Combating Identify Theft and Fraud in Real Time
New Unisys software ARMS financial institutions in their fight against fraud
Identity theft is on the rise. The Federal Trade Commission calls it the fastest growing crime ever, costing Americans more than $1 billion annually.
Financial institutions obviously shoulder some of that identity theft cost, and increasingly (thanks to government terrorism concerns) they're responsible for finding and stopping it, as well as money laundering and fraud. On April 30, the Treasury Department issued new USA Patriot Act rules requiring financial institutions to establish procedures to verify the identity of new accountholders.
Of course. financial institutions know it’s a problem. In the American Bankers Association Deposit Account Fraud Survey 2002, four out of 10 regional banks pegged organized fraud rings as the top threat against the industry in the next year. Another four out of 10 regional banks, and six out of 10 “super-regionals,” cited identity fraud.
To help financial institutions arrest instances of fraud, identity theft, and money laundering, and to help them comply with government regulations, Unisys Corp. and real-time analytics software provider Actimize Inc. released the Unisys Active Risk Monitoring Solution (ARMS). Unisys is targeting the software at four sectors: banking and mortgage, life insurance and pension, property and casualty/general insurance, and enterprise payment.
“Financial institutions today must contend with sophisticated fraud and money laundering schemes spanning multiple products and channels,” says Elazar Katz, ARMS practice director in the Global Financial Services group at Unisys. ARMS, he says, will let institutions “address their vulnerabilities in record time,” and allow “security officers to accelerate responses to emerging threats.”
To detect fraud or other criminal activity, the risk monitoring system taps a broad range of existing enterprise data information sources, including customer information, then monitors transactions in real time, without needing to centralize live data in a data warehouse. Unisys says the monitoring software operates in near-real time, analyzing each transaction, typically in less than 1/500th of a second.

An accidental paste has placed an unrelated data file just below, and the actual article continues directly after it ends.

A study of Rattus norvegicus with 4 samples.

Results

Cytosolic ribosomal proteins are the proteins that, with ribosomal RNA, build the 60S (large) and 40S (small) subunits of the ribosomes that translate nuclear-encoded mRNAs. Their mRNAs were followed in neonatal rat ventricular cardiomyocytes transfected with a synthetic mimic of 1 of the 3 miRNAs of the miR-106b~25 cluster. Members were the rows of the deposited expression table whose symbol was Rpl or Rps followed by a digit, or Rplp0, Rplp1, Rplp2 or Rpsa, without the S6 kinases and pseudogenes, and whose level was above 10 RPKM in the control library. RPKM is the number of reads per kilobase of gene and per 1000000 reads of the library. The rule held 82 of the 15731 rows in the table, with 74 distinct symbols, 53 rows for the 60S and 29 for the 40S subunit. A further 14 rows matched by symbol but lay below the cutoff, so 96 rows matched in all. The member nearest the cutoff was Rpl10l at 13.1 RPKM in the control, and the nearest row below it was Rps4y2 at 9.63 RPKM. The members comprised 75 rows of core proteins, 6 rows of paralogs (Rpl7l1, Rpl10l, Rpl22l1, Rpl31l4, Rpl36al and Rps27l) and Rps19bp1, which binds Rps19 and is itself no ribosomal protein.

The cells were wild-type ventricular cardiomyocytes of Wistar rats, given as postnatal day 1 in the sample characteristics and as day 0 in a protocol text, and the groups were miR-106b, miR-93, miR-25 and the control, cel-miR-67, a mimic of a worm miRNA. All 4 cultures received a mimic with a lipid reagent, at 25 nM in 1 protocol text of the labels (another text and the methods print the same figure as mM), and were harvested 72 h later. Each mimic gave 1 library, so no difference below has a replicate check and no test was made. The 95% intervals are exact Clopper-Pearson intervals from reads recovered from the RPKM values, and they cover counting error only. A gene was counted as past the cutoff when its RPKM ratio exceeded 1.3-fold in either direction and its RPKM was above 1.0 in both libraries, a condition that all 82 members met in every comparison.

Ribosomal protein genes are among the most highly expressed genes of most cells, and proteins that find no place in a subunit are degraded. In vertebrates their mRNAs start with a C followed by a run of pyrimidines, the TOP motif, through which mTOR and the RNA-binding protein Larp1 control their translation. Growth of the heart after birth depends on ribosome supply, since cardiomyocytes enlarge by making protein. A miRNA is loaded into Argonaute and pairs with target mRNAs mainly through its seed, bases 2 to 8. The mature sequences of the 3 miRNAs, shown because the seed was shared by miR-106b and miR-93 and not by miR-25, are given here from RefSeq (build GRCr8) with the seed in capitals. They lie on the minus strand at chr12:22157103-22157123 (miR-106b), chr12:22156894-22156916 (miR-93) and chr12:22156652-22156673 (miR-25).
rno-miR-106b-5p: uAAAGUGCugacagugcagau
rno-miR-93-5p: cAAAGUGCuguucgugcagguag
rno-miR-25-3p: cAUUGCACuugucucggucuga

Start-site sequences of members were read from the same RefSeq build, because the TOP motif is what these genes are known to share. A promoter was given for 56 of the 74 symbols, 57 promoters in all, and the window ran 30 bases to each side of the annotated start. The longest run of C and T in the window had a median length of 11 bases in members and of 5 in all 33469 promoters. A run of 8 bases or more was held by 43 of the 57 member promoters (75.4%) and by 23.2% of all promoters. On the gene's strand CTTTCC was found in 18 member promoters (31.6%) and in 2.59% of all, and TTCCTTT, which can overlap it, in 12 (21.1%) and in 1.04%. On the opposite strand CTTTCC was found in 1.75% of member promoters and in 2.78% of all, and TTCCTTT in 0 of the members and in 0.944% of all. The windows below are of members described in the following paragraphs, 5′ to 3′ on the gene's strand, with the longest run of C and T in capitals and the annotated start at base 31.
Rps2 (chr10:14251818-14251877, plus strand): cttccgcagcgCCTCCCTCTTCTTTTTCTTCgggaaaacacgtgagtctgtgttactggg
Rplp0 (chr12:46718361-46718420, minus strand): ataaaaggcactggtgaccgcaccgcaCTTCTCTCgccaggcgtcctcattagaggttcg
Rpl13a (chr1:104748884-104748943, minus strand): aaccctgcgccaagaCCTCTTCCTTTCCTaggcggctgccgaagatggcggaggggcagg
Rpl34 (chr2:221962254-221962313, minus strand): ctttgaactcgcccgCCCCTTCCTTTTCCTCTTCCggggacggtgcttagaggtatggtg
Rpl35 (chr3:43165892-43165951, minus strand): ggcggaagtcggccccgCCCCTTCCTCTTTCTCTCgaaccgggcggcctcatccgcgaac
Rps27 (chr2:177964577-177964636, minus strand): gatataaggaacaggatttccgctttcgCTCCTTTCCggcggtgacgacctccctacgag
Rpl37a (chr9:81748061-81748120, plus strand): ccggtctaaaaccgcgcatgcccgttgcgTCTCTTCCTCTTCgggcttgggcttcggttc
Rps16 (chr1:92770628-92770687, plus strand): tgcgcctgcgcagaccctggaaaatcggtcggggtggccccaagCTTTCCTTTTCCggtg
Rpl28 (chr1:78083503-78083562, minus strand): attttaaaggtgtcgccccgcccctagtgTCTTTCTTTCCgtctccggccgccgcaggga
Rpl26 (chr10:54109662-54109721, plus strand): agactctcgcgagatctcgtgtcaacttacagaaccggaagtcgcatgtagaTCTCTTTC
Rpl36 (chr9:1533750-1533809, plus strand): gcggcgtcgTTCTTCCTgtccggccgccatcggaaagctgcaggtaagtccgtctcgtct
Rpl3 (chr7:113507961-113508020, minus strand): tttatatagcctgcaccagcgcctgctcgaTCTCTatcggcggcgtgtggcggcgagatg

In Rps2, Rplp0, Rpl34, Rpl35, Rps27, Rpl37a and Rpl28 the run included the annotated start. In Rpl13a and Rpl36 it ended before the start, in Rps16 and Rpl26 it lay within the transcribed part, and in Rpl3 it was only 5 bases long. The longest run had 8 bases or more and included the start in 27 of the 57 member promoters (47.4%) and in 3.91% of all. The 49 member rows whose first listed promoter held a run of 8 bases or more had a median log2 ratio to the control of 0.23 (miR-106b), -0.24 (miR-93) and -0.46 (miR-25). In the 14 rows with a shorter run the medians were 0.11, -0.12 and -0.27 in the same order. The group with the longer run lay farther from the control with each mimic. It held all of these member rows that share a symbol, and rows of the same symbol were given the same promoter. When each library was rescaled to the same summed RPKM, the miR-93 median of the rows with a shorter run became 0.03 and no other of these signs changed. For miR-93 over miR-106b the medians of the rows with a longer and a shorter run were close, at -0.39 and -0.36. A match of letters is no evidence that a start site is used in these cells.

The software looks for collusion among multiple individuals and analyzes multiple events as potential criminal scenarios. Such an approach tackles two challenges: detecting criminal activity fast enough to not just report it but respond to it, and allowing security managers to implement rapid countermeasures to mitigate or minimize newly discovered fraud schemes.
When detecting and stopping fraud, speed is of the essence. In fact, “significant work has been done in the past on developing algorithms and business intelligence technologies,” notes Neil Katkov, senior analyst at Celent Communications. However, those algorithms typically require data warehouses, creating a bottleneck—information must be copied from multiple sources to the data warehouse, and then analyzed. “Less attention has been paid to the logistical complexity of dynamic data collection and profiling imposed by continuously changing requirements.”
The Unisys approach to solving those logistical problem—ARMS—may be just what your bank needs to protect your identify and reduce fraud.
Mathew Schwartz is a Contributing Editor for Enterprise Systems and is its Security Strategies column, as well as being a long-time contributor to the company's print publications. Mr. Schwartz is also a security and technology freelance writer.